A sky that matched a cerulean blue Crayola crayon. The breeze was just enough to keep a comfortable temperature, even in the sun. Our MSC Splendida western Mediterranean itinerary included a port call with a Portofino day trip. And here I was, on a bus from Genoa, zooming along the highway, towards Santa Margarita and nearby tiny Portofino.
From the looks of it, the highway seemed like any other highway in America. I had to keep reminding myself that I was in Italy. Italy! Only two years before, I learned that I was half-Italian so this trip had a special meaning to me. Not quite sure how I’d feel or what to expect when I set foot in the “old country,” I kept looking out of the bus window hoping someone in my paternal family was from this part of Italy. I planned to just wander since I didn’t really know what to do in Portofino at that point.
From ship to bus to ferry boat.
Located on the northwest coast of Italy, Portofino’s closest major city is Genoa. Your ship may dock in Genoa and bus their guests for a 40 minute ride to Portofino. Another way cruise ships visit this charming town is to anchor off of nearby Santa Margherita. After a tender boat ride from your ship to the dock in Santa Margherita, guests may choose a 20 minute water taxi directly into Portofino Harbor.
There is a scheduled bus that runs between Santa Margherita and Portofino, but since your ship will provide transport, there’s no need to get involved in public buses.
Many cruise (and non-cruise) visitors choose to walk the 3-mile scenic overlook path between the two towns. You’ll find signs pointing the way to the Pedonale per Portofino. Walk west to the shoreline and follow the path into Portofino.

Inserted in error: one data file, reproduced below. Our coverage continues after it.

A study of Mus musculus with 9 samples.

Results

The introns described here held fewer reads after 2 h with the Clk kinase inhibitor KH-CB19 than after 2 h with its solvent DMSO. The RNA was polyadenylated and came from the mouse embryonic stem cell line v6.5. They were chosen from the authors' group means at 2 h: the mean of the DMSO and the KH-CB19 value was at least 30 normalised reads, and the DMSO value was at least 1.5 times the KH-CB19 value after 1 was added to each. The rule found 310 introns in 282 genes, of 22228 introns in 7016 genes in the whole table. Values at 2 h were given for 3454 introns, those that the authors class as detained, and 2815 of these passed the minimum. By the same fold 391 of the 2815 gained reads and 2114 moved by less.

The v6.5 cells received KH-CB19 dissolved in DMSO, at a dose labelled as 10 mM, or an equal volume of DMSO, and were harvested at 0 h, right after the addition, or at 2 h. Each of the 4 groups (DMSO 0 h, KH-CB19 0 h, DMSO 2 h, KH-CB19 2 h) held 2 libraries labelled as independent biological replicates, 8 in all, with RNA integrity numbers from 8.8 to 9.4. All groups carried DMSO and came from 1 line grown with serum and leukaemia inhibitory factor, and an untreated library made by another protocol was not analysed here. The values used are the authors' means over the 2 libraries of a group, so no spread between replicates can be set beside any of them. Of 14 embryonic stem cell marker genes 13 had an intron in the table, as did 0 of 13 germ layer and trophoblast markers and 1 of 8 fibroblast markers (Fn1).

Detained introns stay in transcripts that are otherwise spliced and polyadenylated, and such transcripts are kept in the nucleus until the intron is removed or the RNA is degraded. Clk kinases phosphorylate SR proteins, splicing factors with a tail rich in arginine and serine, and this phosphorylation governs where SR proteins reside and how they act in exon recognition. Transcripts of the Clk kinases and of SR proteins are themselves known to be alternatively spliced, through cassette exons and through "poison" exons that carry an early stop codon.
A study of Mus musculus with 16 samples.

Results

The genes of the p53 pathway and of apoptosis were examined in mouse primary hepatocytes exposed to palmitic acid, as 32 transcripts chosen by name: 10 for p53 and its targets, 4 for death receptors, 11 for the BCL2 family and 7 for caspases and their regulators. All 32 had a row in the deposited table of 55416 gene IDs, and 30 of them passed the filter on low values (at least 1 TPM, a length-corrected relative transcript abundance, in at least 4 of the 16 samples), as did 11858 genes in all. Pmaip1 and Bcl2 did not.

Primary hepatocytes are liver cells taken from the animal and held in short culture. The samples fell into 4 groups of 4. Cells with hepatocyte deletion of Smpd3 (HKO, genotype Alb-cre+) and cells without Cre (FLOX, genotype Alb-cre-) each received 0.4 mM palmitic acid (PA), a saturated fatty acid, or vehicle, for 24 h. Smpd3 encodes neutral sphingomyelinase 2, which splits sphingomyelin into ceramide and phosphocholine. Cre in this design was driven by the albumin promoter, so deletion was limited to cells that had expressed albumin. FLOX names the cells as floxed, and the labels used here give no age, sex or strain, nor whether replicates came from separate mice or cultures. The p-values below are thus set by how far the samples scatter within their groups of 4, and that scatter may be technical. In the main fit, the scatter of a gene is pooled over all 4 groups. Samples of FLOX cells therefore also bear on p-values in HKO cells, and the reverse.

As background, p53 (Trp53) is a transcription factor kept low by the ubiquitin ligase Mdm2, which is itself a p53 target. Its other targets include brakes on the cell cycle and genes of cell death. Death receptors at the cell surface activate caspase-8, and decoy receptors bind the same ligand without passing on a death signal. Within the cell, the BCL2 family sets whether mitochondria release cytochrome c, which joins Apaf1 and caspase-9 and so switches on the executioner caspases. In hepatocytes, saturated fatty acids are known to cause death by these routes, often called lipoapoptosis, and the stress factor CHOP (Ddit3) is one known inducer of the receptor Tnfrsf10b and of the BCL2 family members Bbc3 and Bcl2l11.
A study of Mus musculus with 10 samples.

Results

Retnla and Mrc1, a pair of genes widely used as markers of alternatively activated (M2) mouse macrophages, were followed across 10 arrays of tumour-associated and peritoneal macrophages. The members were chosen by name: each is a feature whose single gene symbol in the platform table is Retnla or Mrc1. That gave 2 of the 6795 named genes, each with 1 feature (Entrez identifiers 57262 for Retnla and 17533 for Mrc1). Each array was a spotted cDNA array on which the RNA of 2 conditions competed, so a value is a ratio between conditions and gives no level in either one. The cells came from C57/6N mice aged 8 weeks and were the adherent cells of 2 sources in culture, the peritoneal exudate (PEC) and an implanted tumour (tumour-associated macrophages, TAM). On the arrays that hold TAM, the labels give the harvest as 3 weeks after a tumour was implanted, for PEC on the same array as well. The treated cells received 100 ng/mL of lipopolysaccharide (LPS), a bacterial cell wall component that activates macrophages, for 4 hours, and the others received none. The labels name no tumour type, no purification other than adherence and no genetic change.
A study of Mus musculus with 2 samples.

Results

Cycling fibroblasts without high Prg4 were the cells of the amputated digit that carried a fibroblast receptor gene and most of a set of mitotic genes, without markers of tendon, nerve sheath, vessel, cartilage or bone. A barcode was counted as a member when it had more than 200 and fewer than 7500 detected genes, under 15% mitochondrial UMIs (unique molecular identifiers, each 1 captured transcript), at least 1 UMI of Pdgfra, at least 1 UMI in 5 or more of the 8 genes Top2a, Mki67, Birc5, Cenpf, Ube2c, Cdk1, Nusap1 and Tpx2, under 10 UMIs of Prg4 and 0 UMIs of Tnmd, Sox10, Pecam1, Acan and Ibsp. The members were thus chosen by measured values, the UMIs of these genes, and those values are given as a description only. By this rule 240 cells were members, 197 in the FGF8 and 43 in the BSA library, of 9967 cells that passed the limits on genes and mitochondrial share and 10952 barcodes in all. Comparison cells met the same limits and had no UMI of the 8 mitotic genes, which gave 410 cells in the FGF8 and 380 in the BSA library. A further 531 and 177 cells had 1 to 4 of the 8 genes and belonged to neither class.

But the most dramatic entrance is when your ship drops anchor just offshore from Portofino and within minutes, your ship’s tender boat is docked alongside the town’s sprawling Piazetta, filled with cafés and visitors soaking up the Mediterranean ambiance.
Our bus drove about one hour, across highways and through the mountains until we finally reached the quaint city of Santa Margherita. We had about an hour to stroll around the downtown, visit a church, grab an late morning cappuccino or gelato before we boarded the small ferry boat for the half-hour ride to Portofino.
It’s such a small town that you can easily walk up, through and around it in one afternoon. Once you leave the port area and head over towards the shops and restaurants, there are several self-guided walks that you may choose. The streets are appropriately narrow and winding and of course quite cobbly, so be mindful of where you step.
Walk up the winding cobblestone path to visit a medieval castle.
Be sure to walk up the path from the right side of the harbor (as you face the town) to see the 12th century Church of San Martino. Back in the Piazetta again, take the path on your left up the hill to the small, simple yet beautiful Church of St. George. From there, continue along the walled path, past terraced gardens and beautiful overlooks to Castello Brown. This 17th century fortress has an impressive amount of historical artifacts and works of art. You’ll need to pay a few Euros to see the grounds.
On the way back to the ferry boat, I stopped at a small bakery to buy an assortment of sweets to bring back to the ship for the staff in the MSC Splendida Yacht Club.
Dining and Shopping
Portofino and surrounding towns are known for their pasta with pesto sauce, a signature dish of the Liguria region. Being a fishing village, fresh fish is also very popular as well as their focaccia bread, served with olives, olive oil, herbs and cheeses.
Highlights to shop for in Portofino include delicate lace and lace tableware, leather accessories and jewelry. Bakeries line the pathways and you can always buy a box of Italian cookies and candies to bring back to the ship.
Keep an eye on the time so you don’t miss your ship. It’s never easy to say good-bye to Portofino.
This is the Portofino that I’ll take home with me.